Creativity is thriving with modern technology and has become quite the competitive sector. More and more people are turning to creating their own companies, products, services and brands each and every year. This is a trend that we will continue to see, probably forever. The only problem is that thousands of creative professionals are readily available online making the ones with multiple talents more valuable.
So if you’re trying to break onto the scene now, here are 5 steps to build your creative business from scratch:
Brand. Now that you’ve put your original spin on a creative role, it’s time to set up your brand. Branding is a group of ideas and approaches behind your work that must be cemented tangibly through a website and social media presence. Setting up a website can be incredibly cheap, and the beauty of this industry is that you can barter your services in exchange for others, like trading an article for a personalized logo. Once you’ve got a card, logo, business email — ideally one that matches your website — and of course, a web page, start building your social media channels. Begin with LinkedIn and enter as much information as possible. Choose one other platform (I suggest Twitter as it takes the longest to build up) and enter your information and start adding color.Produce. By color, I mean content. You’d never invite friends over for dinner only to present them with an empty table. Why would you encourage someone to explore your brand when you’ve got no work to show them? Social media participants are fickle; if a person is directed to a ‘Website Under Construction,’ chances are they won’t head back a second time. In a saturated market, nothing will legitimize your business better than your actual work. Make sure you’ve got a few posts under your belt. I personally had 100 published articles before I felt comfortable promoting my website. Digging into your archives and revamping old work is also a simple way to produce content on your website without having to begin new projects. This third step is probably the most important and time consuming.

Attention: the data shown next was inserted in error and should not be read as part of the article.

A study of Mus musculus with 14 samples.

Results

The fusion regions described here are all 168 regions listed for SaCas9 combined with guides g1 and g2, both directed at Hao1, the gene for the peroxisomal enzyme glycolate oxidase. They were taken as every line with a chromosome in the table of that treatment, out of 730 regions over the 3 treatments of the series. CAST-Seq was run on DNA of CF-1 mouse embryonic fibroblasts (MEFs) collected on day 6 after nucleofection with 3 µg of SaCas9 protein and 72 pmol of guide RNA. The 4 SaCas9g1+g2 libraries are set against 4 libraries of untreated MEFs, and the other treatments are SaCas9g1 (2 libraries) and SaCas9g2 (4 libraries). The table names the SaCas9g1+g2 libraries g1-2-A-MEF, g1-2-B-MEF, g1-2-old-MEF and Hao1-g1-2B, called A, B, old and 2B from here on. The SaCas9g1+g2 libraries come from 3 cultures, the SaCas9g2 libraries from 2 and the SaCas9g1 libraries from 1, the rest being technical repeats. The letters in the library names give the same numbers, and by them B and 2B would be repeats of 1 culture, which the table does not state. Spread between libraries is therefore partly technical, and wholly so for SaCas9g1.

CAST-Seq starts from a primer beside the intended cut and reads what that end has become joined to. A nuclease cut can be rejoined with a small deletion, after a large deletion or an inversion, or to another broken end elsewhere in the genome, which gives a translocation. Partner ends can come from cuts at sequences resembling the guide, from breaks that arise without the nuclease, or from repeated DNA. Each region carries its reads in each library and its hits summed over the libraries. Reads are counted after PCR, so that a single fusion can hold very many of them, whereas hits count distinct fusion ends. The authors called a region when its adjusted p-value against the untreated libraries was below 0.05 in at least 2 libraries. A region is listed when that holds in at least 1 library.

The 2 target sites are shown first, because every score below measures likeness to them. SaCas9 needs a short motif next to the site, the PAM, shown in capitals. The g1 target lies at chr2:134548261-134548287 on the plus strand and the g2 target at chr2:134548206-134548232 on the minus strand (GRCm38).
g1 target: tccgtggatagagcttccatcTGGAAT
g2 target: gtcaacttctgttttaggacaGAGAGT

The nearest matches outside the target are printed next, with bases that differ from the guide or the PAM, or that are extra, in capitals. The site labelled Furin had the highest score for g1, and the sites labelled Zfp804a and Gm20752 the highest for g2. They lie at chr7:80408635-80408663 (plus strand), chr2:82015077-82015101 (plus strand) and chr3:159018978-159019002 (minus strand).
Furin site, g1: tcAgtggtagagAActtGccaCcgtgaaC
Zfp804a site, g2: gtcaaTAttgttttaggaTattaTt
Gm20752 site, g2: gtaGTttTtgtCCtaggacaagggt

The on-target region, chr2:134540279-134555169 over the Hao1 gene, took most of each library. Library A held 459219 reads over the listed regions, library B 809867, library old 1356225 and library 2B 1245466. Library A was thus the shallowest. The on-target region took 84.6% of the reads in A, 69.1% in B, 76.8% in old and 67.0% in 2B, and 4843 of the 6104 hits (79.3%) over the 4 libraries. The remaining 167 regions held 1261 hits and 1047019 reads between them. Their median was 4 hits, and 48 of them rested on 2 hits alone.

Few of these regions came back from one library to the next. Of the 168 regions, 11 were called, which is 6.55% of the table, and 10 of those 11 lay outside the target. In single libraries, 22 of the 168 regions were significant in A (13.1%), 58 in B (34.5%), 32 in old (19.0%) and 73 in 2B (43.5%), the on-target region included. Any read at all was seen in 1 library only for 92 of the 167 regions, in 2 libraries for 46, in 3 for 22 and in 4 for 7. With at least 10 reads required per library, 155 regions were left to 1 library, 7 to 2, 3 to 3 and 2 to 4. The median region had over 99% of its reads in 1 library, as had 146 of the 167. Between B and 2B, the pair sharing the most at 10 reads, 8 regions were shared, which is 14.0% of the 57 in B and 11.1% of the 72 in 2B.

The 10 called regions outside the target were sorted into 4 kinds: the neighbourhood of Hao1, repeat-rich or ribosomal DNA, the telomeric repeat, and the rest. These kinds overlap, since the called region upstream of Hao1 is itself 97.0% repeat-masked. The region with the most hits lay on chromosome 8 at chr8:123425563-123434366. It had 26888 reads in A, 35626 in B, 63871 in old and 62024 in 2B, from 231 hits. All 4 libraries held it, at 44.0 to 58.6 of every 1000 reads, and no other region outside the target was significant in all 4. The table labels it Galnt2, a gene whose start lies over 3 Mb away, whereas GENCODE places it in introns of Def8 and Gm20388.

Plan. You’ve defined your brand and hopefully snuck in a lucrative loophole in your chosen industry. Now is the time to plan. Start by writing down a list of desirable companies, agencies and clients you’d like to work with that are in line with your offering. As a writer I keep a list of publications and editors I’ll target who are likely to respond to my style. Then map out the dollars and cents; dictate how much you need to earn in your first three months to keep afloat, and how many hours you’ll have to put into your business to make this happen. It’s a good idea to plan for a creative slump by having an alternate and consistent stream of income or investing in a savings ‘nest egg.’
Connect. Start within your own personal connections on Facebook and your email contacts to find like-minded creatives who may be able to assist you or be interested in your business. A simple announcement via a status update and email directing your friends and acquaintances to your new business will lay the foundations of your following. Going over the industry contacts you’ve discovered in your observation phase, start to reach out to professionals who are at a similar stage to you in their career. These newbies are more likely to respond to your emails, and if you extend an olive branch there’s a chance you could share information.
Once you have built up a powerful social network, make sure to continue to provide high value and unique content. You want to make sure that your work will stand out in a sea of millions. Think about what you look for and expect when you are the one looking for someone creative for a project or task.
Do you have any tips for new business owners to help them stand out?